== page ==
Today is the ninth anniversary of the first day of operations for one of the newest cities in the USA — the City of Dunwoody, Georgia, which is an easy 15-minute transit ride from the City of Atlanta and is where I have lived for more than 20 years. Having a front-row seat to witness how citizens choose to govern themselves and create their own little world as part of a larger universe has been one of the most transformative experiences of my life, and I am grateful for what I have learned not just about others but about myself.
Within two weeks of the city’s launch on December 1, 2008, I was appointed by the mayor as the chair of its first commission, the Sustainability Commission. My 20-year vision at that time was grand but achievable, and significant policies (specifically involving government decisions, actions, and purchases) were put in place during that first year and a half (after which I left to start community, food pantry, and school gardens around metro Atlanta).
I am proud to say that the city and its volunteer citizens did achieve Gold-level certification as an Atlanta Regional Commission Green Community within its first five years of operations (you can see their impressive accomplishments here). The rest of the bullet points have not been achieved and most are not being pursued, although there is a group purchasing movement for solar power happening right now (which is terrific). You can read more about this city (specifically in relation to bike riding) in my book. See Chapter 3: Pedaling as Fast as I Can, and Chapter 6: Noodle Lady. (Or, if you like, start with the free Epilogue.)
The League of American Bicyclists (for which I am League Cycling Instructor #5382) released its list of newly-certified Bicycle Friendly Communities yesterday. My city was not among them, nor is it currently pursuing this designation. (See all rankings here, on this fun, clickable map.) Despite significant investment in bike infrastructure planning and initial construction, its recently-adopted 20-year Comprehensive Transportation Plan Update does not include a safe, complete network accessible by all. (This is the media release I’d prefer to see.) It is no surprise that you see very few citizens simply running errands or non-Lyrcra-clad employees commuting as #OneLessCar on our traffic-packed streets (in the part of metro-Atlanta that serves as home to the largest concentration of Fortune 500 companies in the southeastern United States) .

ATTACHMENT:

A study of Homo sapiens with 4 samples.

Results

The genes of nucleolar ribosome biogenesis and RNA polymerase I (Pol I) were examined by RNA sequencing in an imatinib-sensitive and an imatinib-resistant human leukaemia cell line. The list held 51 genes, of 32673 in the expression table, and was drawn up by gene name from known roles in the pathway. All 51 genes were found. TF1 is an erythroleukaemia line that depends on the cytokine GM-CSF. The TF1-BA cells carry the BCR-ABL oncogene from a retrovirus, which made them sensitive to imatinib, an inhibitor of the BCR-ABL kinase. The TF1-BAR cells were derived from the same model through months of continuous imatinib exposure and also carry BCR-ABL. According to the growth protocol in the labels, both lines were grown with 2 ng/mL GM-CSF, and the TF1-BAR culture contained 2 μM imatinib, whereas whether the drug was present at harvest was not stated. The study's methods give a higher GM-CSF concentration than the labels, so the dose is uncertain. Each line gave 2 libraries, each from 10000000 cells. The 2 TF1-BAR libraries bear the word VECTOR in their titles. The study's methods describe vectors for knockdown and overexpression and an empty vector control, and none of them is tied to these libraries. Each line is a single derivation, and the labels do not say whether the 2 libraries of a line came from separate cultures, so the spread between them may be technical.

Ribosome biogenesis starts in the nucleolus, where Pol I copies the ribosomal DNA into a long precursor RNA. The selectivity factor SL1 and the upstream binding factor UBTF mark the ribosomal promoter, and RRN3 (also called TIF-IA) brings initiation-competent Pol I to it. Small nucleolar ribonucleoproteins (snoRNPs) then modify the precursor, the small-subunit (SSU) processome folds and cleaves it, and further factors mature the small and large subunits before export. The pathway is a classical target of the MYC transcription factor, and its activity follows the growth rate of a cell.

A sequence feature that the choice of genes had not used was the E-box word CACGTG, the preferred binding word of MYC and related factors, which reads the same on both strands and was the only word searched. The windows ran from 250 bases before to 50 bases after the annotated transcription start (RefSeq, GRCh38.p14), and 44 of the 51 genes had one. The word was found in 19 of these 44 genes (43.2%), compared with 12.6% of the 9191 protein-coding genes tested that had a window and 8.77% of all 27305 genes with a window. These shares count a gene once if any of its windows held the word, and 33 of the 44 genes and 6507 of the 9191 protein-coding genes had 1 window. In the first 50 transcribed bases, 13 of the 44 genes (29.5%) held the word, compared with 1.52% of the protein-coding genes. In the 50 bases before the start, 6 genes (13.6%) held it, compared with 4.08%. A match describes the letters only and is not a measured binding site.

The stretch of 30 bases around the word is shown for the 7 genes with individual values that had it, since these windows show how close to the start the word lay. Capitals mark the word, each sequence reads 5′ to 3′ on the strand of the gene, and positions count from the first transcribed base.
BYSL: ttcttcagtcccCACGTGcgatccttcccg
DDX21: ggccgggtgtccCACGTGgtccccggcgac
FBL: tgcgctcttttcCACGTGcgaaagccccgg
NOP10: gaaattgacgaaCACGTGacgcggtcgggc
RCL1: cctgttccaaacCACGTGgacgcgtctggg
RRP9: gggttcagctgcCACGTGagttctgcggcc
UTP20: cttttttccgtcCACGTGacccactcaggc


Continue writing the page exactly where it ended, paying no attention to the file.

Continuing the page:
Bottom line: You are needed, in my city and yours, to more clearly define and protect the commons and encourage more robust and intentional triple-bottom-line sustainability.
2020 Vision for the City of Dunwoody, GA (and perhaps your city):
* The City of Dunwoody will be carbon neutral, and will have the largest Zero Waste Zone in the United States.
* The City of Dunwoody will have a LEED Platinum (or comparable)-certified City Hall, and the highest number of LEED (or comparable)-certified buildings in the Southeastern United States.
* Every major artery in the City of Dunwoody will be a Complete Street.
* Every neighborhood in the City of Dunwoody will have a WalkScore of at least 75.
* The City of Dunwoody will have food-producing, usable green space within a half mile of every residence and business.
* The City of Dunwoody will have the largest number of locally-owned-and-operated businesses in the southeastern United States.
* Every neighborhood lake in the City of Dunwoody will be a toxin-free, food-producing wildlife habitat.
* Every school in the City of Dunwoody, from preschool to college, will have a school garden, a Safe Routes to School program, and a No Idling program.
* No citizen in the City of Dunwoody will be food-insecure.
* The City of Dunwoody will be a designated Tree City USA, Bicycle-Friendly Community, and Atlanta Regional Commission Gold-Level Green Community.